What might France’s progressive deconfinement look like?
The re-introduction of a curfew, limited gatherings, gradual shop re-openings, Christmas with the family...
French President Emmanuel Macron is due to address the nation next week to lay out the next phase of lockdown, with progressive deconfinement measures thought to be under consideration.
The lockdown is set to end on December 1 although it can be extended.
It is not thought that the president will announce a full deconfinement, after he said on Wednesday, November 18, that “we are still going to live under lockdown in the coming weeks”, but he is expected to announce the easing of some restrictions.
We review how this might look.
Reopening of shops
Prime Minister Jean Castex said on November 12 that from the beginning of December there may be an easing of restrictions for shops. This could include toy shops, clothes shops, book shops, etc, that have been forced to close in recent weeks.
However, France’s economy minister, Bruno Le Maire, may be against this as he recently spoke out against shops participating in Black Friday, which falls on November 27 this year.
He asked the senate. “Is next Friday really the right date to organise Black Friday?” and called for the event to be delayed.
Bars, restaurants and cafés will probably not get a reprieve for the moment and it is thought they will have to remain closed until the middle of January 2021.
France introduced a 21:00 to 06:00 curfew in 54 departments before lockdown was announced. Mr Macron may decide to impose this nationwide as a means to transition out of lockdown, BFM TV reported.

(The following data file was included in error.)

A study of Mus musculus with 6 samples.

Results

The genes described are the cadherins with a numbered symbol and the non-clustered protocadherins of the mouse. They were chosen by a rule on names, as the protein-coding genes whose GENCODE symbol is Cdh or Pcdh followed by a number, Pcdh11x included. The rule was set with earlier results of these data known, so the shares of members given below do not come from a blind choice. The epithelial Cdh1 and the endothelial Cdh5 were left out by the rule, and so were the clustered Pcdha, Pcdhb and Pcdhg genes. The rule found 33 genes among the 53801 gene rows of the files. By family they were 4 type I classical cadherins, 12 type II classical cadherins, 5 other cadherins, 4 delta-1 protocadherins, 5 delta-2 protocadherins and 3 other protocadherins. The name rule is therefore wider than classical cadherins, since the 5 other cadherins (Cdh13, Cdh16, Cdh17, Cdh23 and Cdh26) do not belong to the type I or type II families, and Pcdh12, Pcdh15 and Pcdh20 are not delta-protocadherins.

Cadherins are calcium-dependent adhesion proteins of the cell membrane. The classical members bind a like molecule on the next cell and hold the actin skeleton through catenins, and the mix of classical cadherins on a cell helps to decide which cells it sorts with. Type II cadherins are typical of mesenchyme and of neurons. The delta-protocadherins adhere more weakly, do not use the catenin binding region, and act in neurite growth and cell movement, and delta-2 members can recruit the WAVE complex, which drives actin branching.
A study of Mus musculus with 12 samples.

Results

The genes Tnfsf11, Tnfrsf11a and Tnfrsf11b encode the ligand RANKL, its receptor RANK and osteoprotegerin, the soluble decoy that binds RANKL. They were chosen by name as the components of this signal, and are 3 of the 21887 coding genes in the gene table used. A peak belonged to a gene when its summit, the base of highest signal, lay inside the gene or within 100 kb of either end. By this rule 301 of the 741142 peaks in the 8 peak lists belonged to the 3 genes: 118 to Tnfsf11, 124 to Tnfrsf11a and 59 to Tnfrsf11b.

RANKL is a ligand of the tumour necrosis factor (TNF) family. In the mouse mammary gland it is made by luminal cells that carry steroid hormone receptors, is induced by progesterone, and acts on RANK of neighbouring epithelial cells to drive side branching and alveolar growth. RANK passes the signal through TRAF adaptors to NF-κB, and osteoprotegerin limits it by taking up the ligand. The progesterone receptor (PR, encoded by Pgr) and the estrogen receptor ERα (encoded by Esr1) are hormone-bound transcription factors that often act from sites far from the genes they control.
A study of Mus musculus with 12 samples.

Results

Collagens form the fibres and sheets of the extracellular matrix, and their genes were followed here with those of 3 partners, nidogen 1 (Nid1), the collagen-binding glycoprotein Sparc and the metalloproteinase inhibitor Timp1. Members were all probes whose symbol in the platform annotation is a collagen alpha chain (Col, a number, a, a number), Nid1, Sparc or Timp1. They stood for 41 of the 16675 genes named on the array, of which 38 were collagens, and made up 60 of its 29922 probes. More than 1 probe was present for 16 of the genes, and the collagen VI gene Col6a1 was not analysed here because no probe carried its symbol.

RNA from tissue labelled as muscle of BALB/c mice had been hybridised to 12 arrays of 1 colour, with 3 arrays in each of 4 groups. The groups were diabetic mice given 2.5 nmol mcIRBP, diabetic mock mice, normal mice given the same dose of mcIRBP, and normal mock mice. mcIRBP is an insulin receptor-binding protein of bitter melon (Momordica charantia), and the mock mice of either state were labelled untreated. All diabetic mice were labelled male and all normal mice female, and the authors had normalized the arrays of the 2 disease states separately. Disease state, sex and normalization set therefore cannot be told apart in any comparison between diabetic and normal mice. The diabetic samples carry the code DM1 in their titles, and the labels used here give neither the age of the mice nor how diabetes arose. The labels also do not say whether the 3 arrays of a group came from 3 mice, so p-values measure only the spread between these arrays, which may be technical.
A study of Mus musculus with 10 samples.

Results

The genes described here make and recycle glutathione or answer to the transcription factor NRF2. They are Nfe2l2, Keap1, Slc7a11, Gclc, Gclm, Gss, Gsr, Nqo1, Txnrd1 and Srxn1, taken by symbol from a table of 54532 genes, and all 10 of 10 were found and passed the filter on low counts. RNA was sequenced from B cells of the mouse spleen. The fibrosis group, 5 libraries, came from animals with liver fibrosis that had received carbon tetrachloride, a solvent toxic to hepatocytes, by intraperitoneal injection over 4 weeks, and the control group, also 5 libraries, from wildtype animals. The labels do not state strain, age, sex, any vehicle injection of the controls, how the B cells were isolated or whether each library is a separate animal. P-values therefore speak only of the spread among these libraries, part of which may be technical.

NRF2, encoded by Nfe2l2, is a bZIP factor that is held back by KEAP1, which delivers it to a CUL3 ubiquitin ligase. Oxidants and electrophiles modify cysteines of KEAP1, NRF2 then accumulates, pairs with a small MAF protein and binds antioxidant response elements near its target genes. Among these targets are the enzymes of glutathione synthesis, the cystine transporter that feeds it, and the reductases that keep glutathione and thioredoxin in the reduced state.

Other possibilities include restricting travel and public gatherings.
The President may also look abroad for inspiration.
The region of Catalonia is set to reopen bars, restaurants, cinemas and theatres from Monday, November 23, with additional restrictions.
For example, bars and restaurants will have to close by 21:30 and can only be filled to a 30% capacity. Theatres and cinemas, meanwhile, will be limited to 50% capacity.
A ban on anyone entering or leaving the region is still in place and there is still a curfew between 22:00 and 06:00.
Mr Castex said on November 12: "Our objective is to be able to allow a new easing [of rules] at the time of the Christmas holidays so that the people in France can spend the end of the year festivities with their families, but these will not be able to take place in the same way as usual.
“We will of course be able to be with our own family, but it would not be reasonable to hope to be able to organise big parties for several dozen people, especially on New Year’s Eve."
In order for families to reunite for Christmas, France would have to allow for inter-regional travel, which is currently prohibited under lockdown rules.
Mr Castex also said that the exemption certificates (attestations de déplacement) that are required to be filled in when people go outside will remain obligatory beyond December 1.
The lockdown is officially due to end on December 1 but the government can extend it.
France’s state of health emergency will remain in place until February 16, 2021, allowing the government to impose restrictions, such as lockdowns, to stem the spread of Covid-19.
The government is also permitted to impose restrictions on gatherings and movement, as well as curfews, in this time.
There could also be a transitional period put in place after this date.